Take Action! Help Stop the Destruction of Oak Flat

Feb 17, 2021
On February 11, the Advisory Council on Historic Preservation (ACHP) invited input from the public regarding the Final Environmental Impact Statement (FEIS) on the transfer of the historic Oak Flat campground and the promontory known as Apache Leap. SAA opposes this move. ACHP is requesting comments by February 26, 2021. Please go to our Take Action page to add your voice using our editable template letter to personalize the message and send your views to the Council.


The proposed expansion of the Resolution Copper mine is much in the news. The FEIS concerns the U.S. Forest Service’s (USFS) proposed land swap of the Oak Fat campground and Apache Leap to the mine. From 2009 to 2015, SAA, Native American Tribes, and numerous preservation groups fought against this project, which, if finalized, will result in the destruction of Oak Flat campground; Apache Leap, which is sacred to many Tribes including the San Carlos Apache; and hundreds of National Register-eligible archaeological sites.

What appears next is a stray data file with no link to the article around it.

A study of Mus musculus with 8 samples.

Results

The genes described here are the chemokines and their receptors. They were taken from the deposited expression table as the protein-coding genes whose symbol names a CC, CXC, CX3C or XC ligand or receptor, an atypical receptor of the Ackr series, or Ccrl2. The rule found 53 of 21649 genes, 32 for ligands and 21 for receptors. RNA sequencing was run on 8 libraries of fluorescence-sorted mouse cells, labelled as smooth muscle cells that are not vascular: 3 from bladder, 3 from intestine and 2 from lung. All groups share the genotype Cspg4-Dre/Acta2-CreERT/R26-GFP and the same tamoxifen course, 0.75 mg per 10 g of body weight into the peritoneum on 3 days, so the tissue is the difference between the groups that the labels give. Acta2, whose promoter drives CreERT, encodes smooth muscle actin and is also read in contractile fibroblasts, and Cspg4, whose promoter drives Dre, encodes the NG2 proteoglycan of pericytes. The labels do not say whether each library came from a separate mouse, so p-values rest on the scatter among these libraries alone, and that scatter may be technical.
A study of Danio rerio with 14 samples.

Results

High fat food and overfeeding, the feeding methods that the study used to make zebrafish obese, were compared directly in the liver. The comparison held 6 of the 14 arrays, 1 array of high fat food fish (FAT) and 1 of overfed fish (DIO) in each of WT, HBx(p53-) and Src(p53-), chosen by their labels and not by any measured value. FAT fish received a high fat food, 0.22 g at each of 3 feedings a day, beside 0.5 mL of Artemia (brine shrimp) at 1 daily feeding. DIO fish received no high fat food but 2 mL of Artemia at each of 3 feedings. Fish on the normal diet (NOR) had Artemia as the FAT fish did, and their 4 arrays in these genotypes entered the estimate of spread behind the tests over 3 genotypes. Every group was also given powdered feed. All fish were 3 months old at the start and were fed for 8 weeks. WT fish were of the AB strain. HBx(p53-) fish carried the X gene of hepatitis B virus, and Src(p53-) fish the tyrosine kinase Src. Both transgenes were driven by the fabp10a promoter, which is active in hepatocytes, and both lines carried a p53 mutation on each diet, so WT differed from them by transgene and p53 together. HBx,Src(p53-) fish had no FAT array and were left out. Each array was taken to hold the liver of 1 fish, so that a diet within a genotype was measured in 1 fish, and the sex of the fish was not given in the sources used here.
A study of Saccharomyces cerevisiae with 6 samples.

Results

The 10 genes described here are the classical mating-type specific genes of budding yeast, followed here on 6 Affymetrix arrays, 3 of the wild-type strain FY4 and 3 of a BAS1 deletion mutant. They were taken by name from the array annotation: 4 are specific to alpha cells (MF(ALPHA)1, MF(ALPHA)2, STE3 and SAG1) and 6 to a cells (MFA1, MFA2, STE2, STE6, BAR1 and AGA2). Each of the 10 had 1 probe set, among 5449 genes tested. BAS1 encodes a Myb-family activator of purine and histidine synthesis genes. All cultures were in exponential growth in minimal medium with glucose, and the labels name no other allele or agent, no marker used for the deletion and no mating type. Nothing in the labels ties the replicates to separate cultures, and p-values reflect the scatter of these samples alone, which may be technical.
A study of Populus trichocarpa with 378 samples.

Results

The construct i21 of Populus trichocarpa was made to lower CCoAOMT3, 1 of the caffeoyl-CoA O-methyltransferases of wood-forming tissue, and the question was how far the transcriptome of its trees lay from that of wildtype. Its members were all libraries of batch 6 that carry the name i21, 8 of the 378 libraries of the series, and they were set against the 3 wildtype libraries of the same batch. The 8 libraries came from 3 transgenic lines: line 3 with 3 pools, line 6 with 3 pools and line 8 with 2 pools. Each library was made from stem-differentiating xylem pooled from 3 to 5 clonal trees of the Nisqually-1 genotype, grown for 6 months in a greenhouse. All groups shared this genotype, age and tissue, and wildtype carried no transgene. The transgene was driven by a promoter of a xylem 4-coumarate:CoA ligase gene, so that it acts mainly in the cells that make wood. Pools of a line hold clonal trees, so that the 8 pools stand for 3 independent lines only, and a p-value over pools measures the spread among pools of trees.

Unfortunately, the late Senator McCain included a “land swap” in the 2015 National Defense Authorization bill opening these sites to copper mining. This legislation requires the USFS, no later than 60 days upon the completion of an EIS and issuance of the Record of Decision (ROD), to exchange this sensitive land with Resolution Copper for certain properties in the southwest that the company owns, regardless of the results of the EIS. Resolution Copper has stated that it will take precautions to protect Oak Flat and Apache Leap, but the firm is in fact partially owned by Rio Tinto, the global mining conglomerate that deliberately destroyed the Juu’kan Gorge site in Australia, a group of rockshelters that date back to 46,000 years ago and is sacred to Aboriginal peoples there.

In the final weeks of his administration, President Trump had the USFS fast-track the completion of the EIS. The agency announced the Draft ROD on January 15, and now the clock is ticking on this land exchange.
According to the USFS, groups that can comment on the FEIS are limited to those who previously submitted specific written comments regarding the proposed project during scoping or other designated opportunity for public. The ACHP is one of those groups. Please go to our Take Action portal for one of the last few remaining opportunities to tell the USFS why endangering these sites is so short-sighted.